Here's what you need to know:
12 ounces semisweet chocolate chips
3 tablespoons milk
3 egg yolks
3/4 cup butter, cut into pieces
1 tablespoon brandy (optional)
Chocolate shot, nonpareil decors or cocoa
In top of double boiler melt chocolate chips with milk. Beat with electric beater until smooth. Continue beating the chocolate as the egg yolks are added, one at a time. Continue beating the chocolate as the egg yolks are added, one at a time. Remove pan from hot water and beat in butter, a few pieces at a time, until completely blended. Continue beating 2 or 3 more minutes. Add brandy, if desired. Let chocolate sit for 4 to 5 hours to cool.
Chocolate may be cooled more quickly by placing in refrigerator. When workable, roll into balls. Refrigerate. And you're good to go!
- Should give you about 50 Chocolate BonBons.
Feel free to check out Claude's Chocolates here if you want anymore inspiration with the chocolate bonbons or truffles!
"Chocolate" in N.America is a mysterious brown sweet substance......
Couverture is a higher-quality chocolate containing at least 55% cocoa content, and has enough natural cocoa butter in it to allow molding and dipping.
"Bittersweet", "Semisweet" etc is all boule-tweet, as it gives you no information on what the actual sugar content is. That being said a "60%" chocolate contains 60% cocoa content, and accordingly, 40% sugar. Most "supermarket" chocolates are made up of around 48% cocoa content and the rest is sugar--although in N.America many mnfctrs put in milk powder and can still legally call it "dark chocolate".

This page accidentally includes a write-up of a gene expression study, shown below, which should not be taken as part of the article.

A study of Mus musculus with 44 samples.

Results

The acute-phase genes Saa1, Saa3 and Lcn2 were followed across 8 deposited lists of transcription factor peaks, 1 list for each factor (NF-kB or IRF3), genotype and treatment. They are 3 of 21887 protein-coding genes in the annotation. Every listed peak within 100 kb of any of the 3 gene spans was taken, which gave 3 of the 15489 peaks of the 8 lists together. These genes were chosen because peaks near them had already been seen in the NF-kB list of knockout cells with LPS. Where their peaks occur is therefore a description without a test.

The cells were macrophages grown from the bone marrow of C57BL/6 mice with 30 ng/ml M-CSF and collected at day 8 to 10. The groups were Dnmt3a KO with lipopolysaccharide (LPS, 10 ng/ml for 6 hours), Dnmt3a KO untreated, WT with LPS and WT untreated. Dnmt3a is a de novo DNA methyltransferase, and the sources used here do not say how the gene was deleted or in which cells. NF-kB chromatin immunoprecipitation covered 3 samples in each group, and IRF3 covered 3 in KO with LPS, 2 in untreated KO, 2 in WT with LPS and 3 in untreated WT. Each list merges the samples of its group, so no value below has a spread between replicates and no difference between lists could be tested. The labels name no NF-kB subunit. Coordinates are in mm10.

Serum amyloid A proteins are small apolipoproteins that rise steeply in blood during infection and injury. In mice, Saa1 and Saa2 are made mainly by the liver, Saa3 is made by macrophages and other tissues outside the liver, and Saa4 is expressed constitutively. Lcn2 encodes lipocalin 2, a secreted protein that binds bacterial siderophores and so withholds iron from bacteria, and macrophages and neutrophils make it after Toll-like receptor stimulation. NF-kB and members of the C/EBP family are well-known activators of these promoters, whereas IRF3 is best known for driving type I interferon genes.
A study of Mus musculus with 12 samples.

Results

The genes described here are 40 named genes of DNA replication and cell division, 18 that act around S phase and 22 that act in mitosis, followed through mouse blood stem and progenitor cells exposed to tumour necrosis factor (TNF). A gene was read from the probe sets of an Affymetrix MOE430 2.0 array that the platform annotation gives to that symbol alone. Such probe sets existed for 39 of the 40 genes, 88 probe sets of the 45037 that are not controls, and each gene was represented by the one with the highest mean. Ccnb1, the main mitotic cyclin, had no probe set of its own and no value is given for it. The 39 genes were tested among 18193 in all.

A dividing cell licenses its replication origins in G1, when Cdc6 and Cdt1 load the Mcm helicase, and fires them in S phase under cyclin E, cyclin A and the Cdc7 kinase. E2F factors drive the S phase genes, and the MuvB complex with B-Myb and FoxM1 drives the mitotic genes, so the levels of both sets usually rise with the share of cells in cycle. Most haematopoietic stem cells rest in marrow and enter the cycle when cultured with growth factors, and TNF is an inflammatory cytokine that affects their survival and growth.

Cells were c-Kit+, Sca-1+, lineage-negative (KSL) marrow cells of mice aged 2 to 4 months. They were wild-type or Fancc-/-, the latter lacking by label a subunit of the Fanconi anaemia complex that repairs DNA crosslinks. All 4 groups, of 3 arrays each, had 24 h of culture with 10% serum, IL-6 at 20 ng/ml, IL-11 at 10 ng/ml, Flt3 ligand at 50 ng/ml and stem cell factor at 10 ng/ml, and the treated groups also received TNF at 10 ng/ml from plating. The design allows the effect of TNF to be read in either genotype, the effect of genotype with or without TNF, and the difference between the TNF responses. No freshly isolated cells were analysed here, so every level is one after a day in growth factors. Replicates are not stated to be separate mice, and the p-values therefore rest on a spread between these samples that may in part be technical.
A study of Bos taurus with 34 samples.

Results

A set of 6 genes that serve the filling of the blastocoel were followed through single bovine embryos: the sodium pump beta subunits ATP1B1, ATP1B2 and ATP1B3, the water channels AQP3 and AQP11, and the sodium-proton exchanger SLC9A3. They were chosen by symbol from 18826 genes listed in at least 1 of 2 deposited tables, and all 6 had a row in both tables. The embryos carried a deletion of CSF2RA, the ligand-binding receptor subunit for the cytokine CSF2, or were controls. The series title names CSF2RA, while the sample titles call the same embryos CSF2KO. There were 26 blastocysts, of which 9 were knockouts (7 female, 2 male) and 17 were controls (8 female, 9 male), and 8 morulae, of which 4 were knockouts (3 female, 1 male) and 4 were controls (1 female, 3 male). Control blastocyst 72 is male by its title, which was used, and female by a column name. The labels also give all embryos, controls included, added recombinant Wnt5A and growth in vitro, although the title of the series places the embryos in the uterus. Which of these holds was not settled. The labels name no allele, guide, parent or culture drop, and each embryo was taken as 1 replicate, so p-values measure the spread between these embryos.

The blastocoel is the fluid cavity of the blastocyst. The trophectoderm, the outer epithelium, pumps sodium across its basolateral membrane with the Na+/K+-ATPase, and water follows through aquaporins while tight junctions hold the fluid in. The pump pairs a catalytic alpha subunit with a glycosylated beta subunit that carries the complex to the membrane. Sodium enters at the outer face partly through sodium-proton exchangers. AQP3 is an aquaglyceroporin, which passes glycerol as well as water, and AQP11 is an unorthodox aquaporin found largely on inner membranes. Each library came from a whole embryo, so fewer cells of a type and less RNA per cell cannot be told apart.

Be highly suspicous of "chips" especially those that are tiny and tear dropped shaped, as these are made almost exclusively for chocolate chip cookies-- it is a mix of cooca powder, fats that won't melt at high oven temperatures, and sugars. It will not melt, and is unsuitable for anything other than cookies or decorating.
When buying chocoalte, read the ingredient list on the package. If sugar is listed first, you know there's more sugar than anthing else, if any fats other than cocoa butter are listed, it won't be good for chocolate work, and will invariably have a "wierd" mouthfeel and taste to it.
Virtually every bakery, and chocolate shop has their own recipies, each one differing dramatically from others. Most, however are based on "ganache" a mix of couvertue and 33%-36% cream (whiping cream). Egg yolks do add richness, but dramatically shorten the shelf life.
Ganache does not behave nicely when refrigerated, it tends to soften and weep quickly.
A standard recipie would be something like this:
150 gr whipping cream
320 gr couverture
-chop couverture coarsly, bring cream to a boil, pour ontop of couverture, let it sit for a minute, then stir untill smooth.
Pour this out on a cling-film lined tray and when cool, cut into squares. The squares may be rolled up into balls.
You can subsitute brandy, eau de vies (fruite brandies) or any kind of destilled alcohols OR fruit purees for some of the cream.